Colorado's TABOR: If You Can't Say Anything Nice...



This is all bad, bad stuff, and the wave of negative press and analysis that has fallen on Colorado policymakers for enacting this mess is all well-deserved.

But I got one good thing to say about Colorado's TABOR: if you're a state lawmaker and you're gonna dole out "surplus" revenues, you could do a lot worse than to follow the Colorado example. Back in the good old days when TABOR was dropping suitcases full of fifties in the backyard of every Coloradan, the state was funding an Earned Income Tax Credit with TABOR money. The biggest and most progressive sales tax credit you could imagine was funded with TABOR money. These were tax cuts that offered the biggest benefits to low-income working families-- an unusually progressive step for state lawmakers anywhere in the late 1990s.

It wasn't all good, of course. Check out the Colorado Legislative Council's list of the various rebate mechanisms here to see that TABOR could also fund tax cuts for capital gains, interest and dividends.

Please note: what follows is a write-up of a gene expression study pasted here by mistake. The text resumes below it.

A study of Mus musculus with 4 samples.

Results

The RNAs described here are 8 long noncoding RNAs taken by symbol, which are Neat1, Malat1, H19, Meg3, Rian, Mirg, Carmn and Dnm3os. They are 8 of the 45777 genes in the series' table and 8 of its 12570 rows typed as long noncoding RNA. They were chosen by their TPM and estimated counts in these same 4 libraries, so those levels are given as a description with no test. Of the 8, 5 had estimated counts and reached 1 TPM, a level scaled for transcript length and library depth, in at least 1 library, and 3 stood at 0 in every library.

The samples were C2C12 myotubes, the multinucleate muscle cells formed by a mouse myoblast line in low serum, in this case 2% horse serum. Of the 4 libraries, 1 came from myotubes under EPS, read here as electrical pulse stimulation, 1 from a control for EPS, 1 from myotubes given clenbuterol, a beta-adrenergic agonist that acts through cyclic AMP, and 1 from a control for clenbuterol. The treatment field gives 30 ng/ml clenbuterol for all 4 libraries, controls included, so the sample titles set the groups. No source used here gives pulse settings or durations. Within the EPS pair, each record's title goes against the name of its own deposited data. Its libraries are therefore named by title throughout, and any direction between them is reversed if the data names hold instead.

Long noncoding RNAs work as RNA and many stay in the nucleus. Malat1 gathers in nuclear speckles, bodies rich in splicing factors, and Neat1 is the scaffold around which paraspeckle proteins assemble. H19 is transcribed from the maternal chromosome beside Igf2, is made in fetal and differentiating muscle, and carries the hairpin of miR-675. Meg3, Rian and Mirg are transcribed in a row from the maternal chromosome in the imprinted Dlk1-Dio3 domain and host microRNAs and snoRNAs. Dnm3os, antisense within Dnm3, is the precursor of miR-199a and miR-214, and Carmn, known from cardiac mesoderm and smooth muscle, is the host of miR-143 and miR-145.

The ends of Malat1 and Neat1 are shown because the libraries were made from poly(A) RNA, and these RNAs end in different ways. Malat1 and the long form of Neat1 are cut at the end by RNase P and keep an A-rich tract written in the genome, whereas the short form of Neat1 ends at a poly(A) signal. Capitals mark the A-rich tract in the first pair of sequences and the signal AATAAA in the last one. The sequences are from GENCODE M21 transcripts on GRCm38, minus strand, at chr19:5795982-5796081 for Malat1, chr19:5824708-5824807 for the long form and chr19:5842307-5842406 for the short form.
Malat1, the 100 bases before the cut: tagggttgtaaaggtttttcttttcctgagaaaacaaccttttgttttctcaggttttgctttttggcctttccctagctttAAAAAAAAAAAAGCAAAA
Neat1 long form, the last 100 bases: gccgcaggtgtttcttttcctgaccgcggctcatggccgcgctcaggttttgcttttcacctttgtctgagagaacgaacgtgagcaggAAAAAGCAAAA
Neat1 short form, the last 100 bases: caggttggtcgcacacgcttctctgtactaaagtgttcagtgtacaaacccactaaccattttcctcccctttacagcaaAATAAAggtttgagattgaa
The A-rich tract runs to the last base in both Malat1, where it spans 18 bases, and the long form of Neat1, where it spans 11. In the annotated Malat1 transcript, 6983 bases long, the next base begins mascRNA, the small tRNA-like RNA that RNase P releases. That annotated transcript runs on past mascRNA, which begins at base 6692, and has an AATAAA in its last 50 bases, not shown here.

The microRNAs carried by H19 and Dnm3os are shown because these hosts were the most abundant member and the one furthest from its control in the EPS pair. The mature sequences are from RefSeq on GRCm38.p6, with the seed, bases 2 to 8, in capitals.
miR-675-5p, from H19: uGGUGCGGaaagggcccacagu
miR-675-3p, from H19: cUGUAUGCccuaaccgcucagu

And at the end of the day, if Colorado lawmakers thought an EITC was important enough to enact, they should have done it permanently, in a way that wasn't contingent on having "surplus" revenues. Presidents Reagan and Clinton both saw a generous EITC as a vital tax incentive for working families below the poverty line-- not as something to do with whatever extra cash you've got lying around at the end of the fiscal year. The Bell Policy Institute gets this exactly right in their call for a permanent Colorado EITC.

So I lied. I don't really have anything good to say about TABOR-- this is actually a slam on an unintended consequence of the November 2004 ballot changes that helped fix TABOR's flaws. The November 2004 changes definitely reduced the damage done to the state's budget each year, by putting a moratorium on TABOR rebates for the next five years. And the state will likely be marginally better equipped to adequately fund services now as a result. But Colorado lawmakers should remember that in doing so, they've pulled the rug out from under working Colorado families who depended on the EITC. Incorporating the best tax-cutting provisions from the TABOR rules as a permanent part of the Colorado tax system could be a smart, and progressive, move.